Enter NAC (N-acetyl cysteine). I first heard about it through a respectable online community that was so fervent in its appreciation for it that I had to make sure I wasn’t being targeted by a pyramid scheme. Sure enough, it wasn’t a conspiratorial sales pitch—these were just people who all independently swear by the stuff.
There’s not much in the way of actual medical research when it comes to NAC’s efficacy in preventing hangovers, but there’s plenty of literature out there about how the supplement functions. NAC is an amino acid that is known to form glutathione, an essential antioxidant that, among other things, protects proteins from acetaldehyde.
Acetaldehyde is the substance your liver is left with once it processes all of the wine, beer, shots, gin & tonics, more shots, and more beer you stupidly decided to drink last night. Acetaldehyde is the reason all you're left with the morning after you took things too far—other than a crumpled-up receipt that you're too afraid to look at—is a headache in the back of your eyeballs and unshakeable nausea.
Take a spin through online testimonials and you'll find people using NAC to treat all sorts of ailments: depression, bronchitis, and allergies, just to name a few. But there's no denying NAC's importance in emergency rooms, where (according to the American Society of Health-System Pharmacists) it's administered to patients suffering from acetaminophen overdose.
Although the web is littered with articles singing NAC’s praises when it comes to preventing hangovers, the medical community doesn’t have much to say about using it this way. Thus, I had no choice—I needed to try it for myself. For, uh, science.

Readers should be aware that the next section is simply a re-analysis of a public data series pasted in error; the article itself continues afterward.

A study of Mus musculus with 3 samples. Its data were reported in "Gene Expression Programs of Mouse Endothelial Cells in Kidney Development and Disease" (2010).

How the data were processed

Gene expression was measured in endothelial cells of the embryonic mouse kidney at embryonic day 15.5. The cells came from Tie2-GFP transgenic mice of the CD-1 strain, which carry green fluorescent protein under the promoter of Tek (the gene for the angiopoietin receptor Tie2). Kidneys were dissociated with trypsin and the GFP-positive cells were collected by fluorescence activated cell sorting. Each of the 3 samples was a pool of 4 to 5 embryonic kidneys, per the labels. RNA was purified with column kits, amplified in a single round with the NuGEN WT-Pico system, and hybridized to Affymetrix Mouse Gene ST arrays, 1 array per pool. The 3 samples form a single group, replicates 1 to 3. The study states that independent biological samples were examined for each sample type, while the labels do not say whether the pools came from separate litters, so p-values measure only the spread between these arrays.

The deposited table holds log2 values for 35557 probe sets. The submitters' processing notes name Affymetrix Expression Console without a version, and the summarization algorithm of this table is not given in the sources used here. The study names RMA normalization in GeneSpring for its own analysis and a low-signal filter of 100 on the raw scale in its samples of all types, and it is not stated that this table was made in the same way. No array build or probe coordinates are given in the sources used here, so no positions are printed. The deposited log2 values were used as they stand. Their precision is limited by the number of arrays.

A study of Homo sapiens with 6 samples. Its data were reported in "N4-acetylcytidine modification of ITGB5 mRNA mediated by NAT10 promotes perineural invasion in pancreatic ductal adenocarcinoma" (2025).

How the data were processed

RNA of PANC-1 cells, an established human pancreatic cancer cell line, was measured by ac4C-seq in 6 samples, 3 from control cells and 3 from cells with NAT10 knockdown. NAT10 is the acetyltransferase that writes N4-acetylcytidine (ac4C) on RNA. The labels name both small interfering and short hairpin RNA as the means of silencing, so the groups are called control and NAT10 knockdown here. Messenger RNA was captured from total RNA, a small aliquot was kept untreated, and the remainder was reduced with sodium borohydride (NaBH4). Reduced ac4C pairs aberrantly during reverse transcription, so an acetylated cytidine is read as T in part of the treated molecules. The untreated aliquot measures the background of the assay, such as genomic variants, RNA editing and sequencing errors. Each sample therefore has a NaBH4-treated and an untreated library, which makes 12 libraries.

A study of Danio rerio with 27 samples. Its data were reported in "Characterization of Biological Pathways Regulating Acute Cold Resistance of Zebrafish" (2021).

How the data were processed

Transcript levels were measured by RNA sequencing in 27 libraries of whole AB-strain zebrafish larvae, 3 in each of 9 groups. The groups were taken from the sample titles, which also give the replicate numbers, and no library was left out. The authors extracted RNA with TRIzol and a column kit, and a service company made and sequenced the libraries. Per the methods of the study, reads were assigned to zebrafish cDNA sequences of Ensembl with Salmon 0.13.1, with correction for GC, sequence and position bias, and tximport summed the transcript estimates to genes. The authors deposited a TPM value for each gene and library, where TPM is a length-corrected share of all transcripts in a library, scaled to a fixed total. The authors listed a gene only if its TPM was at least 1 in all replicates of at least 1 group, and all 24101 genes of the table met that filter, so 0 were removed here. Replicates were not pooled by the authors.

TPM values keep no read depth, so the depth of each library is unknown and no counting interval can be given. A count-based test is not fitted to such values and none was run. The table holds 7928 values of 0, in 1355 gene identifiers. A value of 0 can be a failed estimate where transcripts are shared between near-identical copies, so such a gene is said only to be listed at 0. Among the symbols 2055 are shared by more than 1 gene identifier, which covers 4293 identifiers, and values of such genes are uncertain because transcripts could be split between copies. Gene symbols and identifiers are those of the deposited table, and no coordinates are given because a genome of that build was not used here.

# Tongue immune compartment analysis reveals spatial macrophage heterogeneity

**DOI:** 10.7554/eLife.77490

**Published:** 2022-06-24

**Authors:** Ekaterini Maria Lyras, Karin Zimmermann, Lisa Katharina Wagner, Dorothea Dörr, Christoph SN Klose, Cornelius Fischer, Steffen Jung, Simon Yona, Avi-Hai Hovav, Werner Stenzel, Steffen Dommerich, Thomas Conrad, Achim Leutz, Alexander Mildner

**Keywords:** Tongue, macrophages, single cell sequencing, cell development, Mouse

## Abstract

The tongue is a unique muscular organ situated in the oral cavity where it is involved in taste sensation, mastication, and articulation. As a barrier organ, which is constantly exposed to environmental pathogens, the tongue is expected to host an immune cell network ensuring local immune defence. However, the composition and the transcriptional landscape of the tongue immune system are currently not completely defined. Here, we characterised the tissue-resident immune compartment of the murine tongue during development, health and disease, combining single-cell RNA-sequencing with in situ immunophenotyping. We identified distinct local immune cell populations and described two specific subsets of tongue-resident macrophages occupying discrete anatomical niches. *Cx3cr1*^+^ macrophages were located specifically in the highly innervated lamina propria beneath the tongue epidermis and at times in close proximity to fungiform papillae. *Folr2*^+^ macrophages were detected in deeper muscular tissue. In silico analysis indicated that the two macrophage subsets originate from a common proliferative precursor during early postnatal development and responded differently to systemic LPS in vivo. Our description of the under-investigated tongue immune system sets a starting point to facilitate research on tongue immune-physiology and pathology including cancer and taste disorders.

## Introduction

As it turns out, NAC is available on Amazon and at most of those New Age-y, alternative-medicine-and-vitamin stores, so tracking it down was a cinch. To date, I’ve gone through two bottles of NAC, so my—ahem— research has been extensive. The question, then, is does it work?
In my experience, yes, it does. I have to admit, I’ve been kind of blown away by NAC’s consistency. I must’ve used it over a dozen times and the results have been the same each time.
Here's my routine—I take two capsules of NAC before I start drinking and one before bed. I usually pair one of those doses with vitamin C (and yes, I still try to get as much water into my body as possible before bed).
And that's it: two capsules before the evening begins, one as the good times start to fade. The results the following morning are a little bizarre; there are certainly hangover symptoms present, but they’re all blunted. The pain associated with headaches, for example, is reduced to a curious sensation of pressure. I also experience that foggy hangover haze that makes it rather difficult to think clearly, but weirdly absent is the need to curl up in the fetal position and swear off drinking for the rest of my life. It's as though NAC is a local anesthetic that completely numbs my hangover; it's still there, I guess, it's just not making me want to die.
Yes, this is all anecdotal. Even if it does work for me, there’s no guarantee it’ll work for you. The fact is, there’s no air-tight scientific study to back this up yet, so all you have is people like me: a random guy on the internet.
It's also worth noting that this particular random guy on the internet is not a doctor. I am, in fact, the furthest thing from a doctor that a person can be. I mean, I'm hardly qualified to change lightbulbs in a doctor's office. Even though NAC is an over-the-counter supplement, it's important to make sure that you can actually take this stuff, so be sure to study the ingredients and consult your doctor if you're even the least bit unsure about it. Also, be responsible with the drinking, will ya?